JEREMY CORBYN’S reminder this morning that “Brexit is what we make of it together” should prompt all of us on the left to look at what kind of country we want to live in.
As the Labour leader is due to say, “In or out of the EU we have to deal with the reality of market failure and austerity.”
Any Labour government that fails to deal with both these issues will ultimately be a failure itself.
Austerity, as a regime of squeezing wages, starving public services of funding and tearing up social security provisions is euphemistically known, has to end.
Corbyn has always said so and he has won that argument. MPs who were prepared to abstain over Tory welfare cuts three years ago no longer challenge the leader’s office over the need to raise public spending.
Market failure is another matter. The public never swallowed the “private good, public bad” mantra of the Thatcher years and support for public ownership of water, energy, postal services and transport is now overwhelming.
We can also point to victories like that of the local people of Haringey, London, against a corporate redevelopment scheme as evidence that a popular fightback against the dictatorship of “the market” is growing.
But, perhaps scarred by years of defeats, there is a tendency on the left to think critically without thinking creatively, assuming that market forces will continue to call the shots.
Keir Starmer might say that “we all want more trade agreements,” but that surely depends on the terms. Popular opposition to EU-driven trade deals Transatlantic Trade and Investment Partnership (TTIP) and the Comprehensive Economic and Trade Agreement (Ceta) was huge, and rightly so. Labour needs to push fair trade not free trade.
Starmer’s position suffers from a fixation on the threats leaving the EU poses rather than the opportunities it creates.
The threats are real — the Tories are desperate to turn Britain into “a deregulated corporate tax haven with low wages, limited rights and cut-price public services,” as Corbyn will say. A Brexit on their terms will deliver exactly that.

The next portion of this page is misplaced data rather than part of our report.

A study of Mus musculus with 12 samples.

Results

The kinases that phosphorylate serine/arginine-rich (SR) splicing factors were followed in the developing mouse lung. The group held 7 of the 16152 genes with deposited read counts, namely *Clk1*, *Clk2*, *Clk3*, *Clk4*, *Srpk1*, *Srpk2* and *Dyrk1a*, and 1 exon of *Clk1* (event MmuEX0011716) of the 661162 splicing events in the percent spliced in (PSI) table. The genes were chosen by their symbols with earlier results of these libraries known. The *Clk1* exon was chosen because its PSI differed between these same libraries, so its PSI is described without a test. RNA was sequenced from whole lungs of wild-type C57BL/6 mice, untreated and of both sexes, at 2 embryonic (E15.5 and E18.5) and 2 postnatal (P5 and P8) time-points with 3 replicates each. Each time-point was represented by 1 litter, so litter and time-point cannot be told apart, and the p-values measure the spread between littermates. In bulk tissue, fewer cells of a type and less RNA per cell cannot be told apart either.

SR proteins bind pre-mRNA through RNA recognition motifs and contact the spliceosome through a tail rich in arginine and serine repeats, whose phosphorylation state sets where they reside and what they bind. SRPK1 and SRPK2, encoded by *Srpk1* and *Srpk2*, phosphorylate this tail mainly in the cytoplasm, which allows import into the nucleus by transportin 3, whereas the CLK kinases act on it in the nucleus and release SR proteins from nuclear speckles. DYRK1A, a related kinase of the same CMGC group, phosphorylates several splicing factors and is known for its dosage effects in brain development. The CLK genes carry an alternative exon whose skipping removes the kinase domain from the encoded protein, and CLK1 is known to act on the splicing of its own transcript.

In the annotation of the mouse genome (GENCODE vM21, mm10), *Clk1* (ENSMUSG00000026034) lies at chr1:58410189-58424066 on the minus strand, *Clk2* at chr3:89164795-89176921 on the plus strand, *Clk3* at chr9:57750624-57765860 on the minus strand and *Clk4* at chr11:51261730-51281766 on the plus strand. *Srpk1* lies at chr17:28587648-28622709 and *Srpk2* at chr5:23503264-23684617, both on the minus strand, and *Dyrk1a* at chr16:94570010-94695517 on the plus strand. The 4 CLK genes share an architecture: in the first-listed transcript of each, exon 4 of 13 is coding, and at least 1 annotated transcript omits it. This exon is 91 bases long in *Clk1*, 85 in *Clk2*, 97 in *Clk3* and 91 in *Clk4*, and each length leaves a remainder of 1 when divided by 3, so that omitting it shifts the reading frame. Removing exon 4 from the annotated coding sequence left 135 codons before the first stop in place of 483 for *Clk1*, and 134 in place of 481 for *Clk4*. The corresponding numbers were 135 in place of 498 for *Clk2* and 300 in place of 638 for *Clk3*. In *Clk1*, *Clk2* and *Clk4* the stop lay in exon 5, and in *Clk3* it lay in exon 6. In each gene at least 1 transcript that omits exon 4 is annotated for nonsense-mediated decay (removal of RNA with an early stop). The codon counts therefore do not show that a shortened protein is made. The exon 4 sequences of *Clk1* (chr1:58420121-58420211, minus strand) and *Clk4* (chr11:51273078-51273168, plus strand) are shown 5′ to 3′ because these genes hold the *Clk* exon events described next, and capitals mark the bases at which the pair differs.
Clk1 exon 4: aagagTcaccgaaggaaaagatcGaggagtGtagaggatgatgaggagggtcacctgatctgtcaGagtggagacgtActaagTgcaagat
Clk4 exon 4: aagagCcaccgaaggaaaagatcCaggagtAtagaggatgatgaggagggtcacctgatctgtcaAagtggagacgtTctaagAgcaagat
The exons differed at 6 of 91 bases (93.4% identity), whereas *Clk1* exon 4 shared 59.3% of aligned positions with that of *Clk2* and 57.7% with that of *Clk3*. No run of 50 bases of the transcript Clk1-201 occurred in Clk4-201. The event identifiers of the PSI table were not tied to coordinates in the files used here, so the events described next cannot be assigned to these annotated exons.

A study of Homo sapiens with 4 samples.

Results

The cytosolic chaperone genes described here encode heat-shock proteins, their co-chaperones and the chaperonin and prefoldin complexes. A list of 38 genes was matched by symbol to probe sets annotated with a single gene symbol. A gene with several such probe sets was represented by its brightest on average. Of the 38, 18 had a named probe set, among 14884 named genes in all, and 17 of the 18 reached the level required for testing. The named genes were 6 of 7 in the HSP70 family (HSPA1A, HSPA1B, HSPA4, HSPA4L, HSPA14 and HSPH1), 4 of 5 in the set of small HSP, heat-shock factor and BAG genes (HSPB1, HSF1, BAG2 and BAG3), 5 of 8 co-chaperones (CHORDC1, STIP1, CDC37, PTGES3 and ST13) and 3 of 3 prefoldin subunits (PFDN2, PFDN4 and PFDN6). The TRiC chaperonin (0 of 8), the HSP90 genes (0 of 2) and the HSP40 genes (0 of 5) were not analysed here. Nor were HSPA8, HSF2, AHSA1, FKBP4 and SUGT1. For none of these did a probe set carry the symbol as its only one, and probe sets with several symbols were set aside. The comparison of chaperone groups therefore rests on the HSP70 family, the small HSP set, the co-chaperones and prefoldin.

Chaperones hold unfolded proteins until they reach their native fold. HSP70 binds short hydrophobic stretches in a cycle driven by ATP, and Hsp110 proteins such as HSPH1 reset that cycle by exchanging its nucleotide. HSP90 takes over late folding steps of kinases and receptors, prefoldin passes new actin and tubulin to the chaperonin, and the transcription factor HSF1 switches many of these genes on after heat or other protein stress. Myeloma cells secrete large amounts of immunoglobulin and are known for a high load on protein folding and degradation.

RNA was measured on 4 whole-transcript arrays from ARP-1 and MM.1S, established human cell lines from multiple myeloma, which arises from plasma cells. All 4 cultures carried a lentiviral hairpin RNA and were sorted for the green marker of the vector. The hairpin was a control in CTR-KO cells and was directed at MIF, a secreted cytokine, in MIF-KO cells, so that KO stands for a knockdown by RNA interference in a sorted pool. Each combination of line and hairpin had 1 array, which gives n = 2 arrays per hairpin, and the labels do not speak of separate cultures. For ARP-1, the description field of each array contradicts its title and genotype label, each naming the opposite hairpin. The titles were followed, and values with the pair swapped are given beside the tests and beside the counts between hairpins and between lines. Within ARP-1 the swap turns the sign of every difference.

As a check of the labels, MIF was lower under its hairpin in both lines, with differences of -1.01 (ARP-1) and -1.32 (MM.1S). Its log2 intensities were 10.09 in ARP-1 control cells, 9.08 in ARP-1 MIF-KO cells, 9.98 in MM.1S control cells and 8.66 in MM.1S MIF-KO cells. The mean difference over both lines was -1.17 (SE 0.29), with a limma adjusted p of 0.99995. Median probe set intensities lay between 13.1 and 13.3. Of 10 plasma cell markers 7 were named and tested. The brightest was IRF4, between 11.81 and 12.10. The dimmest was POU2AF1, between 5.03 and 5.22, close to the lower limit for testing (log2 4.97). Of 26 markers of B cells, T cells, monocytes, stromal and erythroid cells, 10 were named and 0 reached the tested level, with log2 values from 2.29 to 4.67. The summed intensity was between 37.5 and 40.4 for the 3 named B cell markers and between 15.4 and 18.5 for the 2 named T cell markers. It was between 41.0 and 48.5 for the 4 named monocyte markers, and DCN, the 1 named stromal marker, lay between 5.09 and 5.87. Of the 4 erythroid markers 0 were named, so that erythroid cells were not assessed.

But what about a Brexit on our terms? An exit deal built around how we tackle those two problems — austerity and market failure.
That involves ensuring our government can make strategic interventions in the economy without being hauled over the coals by the European Commission for proffering illegal state aid, as Italy was two months ago for guaranteeing loans to the Ilva steelmaker to try to prevent its collapse.
It means ensuring that competition and right of establishment rules do not prevent government or local authorities from taking non-commercial factors into account when commissioning services, including the pay and conditions of staff, whether the provider recognises trade unions and ethical issues such as whether it is implicated in the arms trade.
Similarly, Labour’s regional investment bank will be more effective if regional authorities have the right to positively discriminate in favour of local providers and producers — a right also linked to our ability to combat climate change.
Labour MPs who demand continued membership of the single market place a ceiling on our ambition.
They say we can’t improve on an economic set-up that has been disastrous for ordinary people.
Fear of what the Tories might do, given a free hand, does not justify such defeatism. People are rejecting the status quo. The left will not succeed unless it can offer them something better.
This is why Corbyn is right to emphasise that any deal must “ensure we can deliver our ambitious economic programme” and insist that "we cannot be held back from taking the steps we need to support cutting-edge industries and local business, stop the tide of privatisation and outsourcing or prevent employers being able to import cheap agency labour from abroad to undercut existing pay and conditions."
As so often in the past, Corbyn is streets ahead of many of his parliamentary colleagues on this one. We as a movement must ensure he can turn these words into reality.